Using Sensors to Feel, Then Decide

Posted on by Genise Choy

As part of the Global Urban Humanities Initiative Colloquium called Reading Cities, Sensing Cities we have asked students and visitors to write responses to each of the weekly guest lectures.

September 25, 2014
Sensing San Leandro: Capturing Cityscapes Through Sensors
Greg Niemeyer (Art Practice) and Ron Rael (Architecture and Art Practice)

Presentation available here.
Video of the conversation available here.
Niemeyer and Rael discussed how using sensors to collect data allow “reality-based” decisions about places to be made, using projects that they and their students have undertaken in San Leandro as examples.

by Faith Hutchinson

"Standing on the bare ground, -- my head bathed by the blithe air, and uplifted into infinite spaces, -- all mean egotism vanishes. I become a transparent eye-ball; I am nothing; I see all; the currents of the Universal Being circulate through me; I am part or particle of God."
-- Ralph Waldo Emerson, Nature

Professor Greg Niemeyer describes two frameworks of data collection: "hard eyes" and "soft eyes." The former is closer to the scientific method, relating information back to an explicit hypothesis and emphasizing focus over risk. On the other hand, "soft eyes" invoke the approach of Ralph Waldo Emerson, who proposed that nature must be appreciated with a transparent eye; that is to say, we become more connected to the significance of our world by seeing it and not looking for it.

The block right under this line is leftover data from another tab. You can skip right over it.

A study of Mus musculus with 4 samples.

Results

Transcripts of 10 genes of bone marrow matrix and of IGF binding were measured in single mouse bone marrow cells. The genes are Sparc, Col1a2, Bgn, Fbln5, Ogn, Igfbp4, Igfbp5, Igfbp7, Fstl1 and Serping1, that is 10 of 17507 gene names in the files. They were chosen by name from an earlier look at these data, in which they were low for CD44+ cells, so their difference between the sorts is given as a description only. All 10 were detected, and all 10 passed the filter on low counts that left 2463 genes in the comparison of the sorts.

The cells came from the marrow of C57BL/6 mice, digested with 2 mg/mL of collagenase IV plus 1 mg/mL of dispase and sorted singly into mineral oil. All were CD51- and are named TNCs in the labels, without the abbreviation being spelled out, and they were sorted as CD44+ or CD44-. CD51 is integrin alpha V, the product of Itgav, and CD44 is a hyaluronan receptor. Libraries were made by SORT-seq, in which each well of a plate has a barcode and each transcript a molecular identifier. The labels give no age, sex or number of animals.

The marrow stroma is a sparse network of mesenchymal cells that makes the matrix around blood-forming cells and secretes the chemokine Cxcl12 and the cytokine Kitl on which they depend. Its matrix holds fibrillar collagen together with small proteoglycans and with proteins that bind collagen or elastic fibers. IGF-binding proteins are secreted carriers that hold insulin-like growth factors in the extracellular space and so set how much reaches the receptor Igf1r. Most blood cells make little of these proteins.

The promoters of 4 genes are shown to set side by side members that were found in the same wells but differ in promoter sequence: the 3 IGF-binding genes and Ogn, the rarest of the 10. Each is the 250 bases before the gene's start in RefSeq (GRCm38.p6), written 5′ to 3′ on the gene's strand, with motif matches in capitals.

In common practice, data science is a pursuit of quantified evidence in support of a hypothesis: the domain of hard-eyes. To be sure, many purposes can be served with a focused, solution-oriented approach. Companies like The Climate Corporation and Propeller Health enable citizens to protect their natural and bodily resources by retrieving organized environmental data. Rather than collecting information for the sake of later analysis, Professors Niemeyer and Rael utilize sensors to promote action in the present. Sensors tend not to visually announce their affordances, but these sensors emerge in the city of San Leandro housed in colorful casings, a presentation that requires curiosity and direct, tangible interactions from passersby.

It is also significant that these sensors, via placement and record, are vested in the public. Were the "Hi" sensor featured in a gallery instead of in public at transit stops, the attending audience would reflect a specific type of resident, and their reactions or data would not necessarily be representative of the broader community. Niemeyer describes data as a means to "feel all the people walking across the city," a statement which beckons back to the previous lecture in which Georgina Kleege compared her walking stick to long fingers that skirt over the surface of the world. This similarity in Niemeyer and Kleege's description of experiencing a city implies greater intimacy results from using the scope of human senses to read beyond the visual record.

Faith Hutchinson is a candidate for the Master of Information Management and Systems degree at the UC Berkeley School of Information.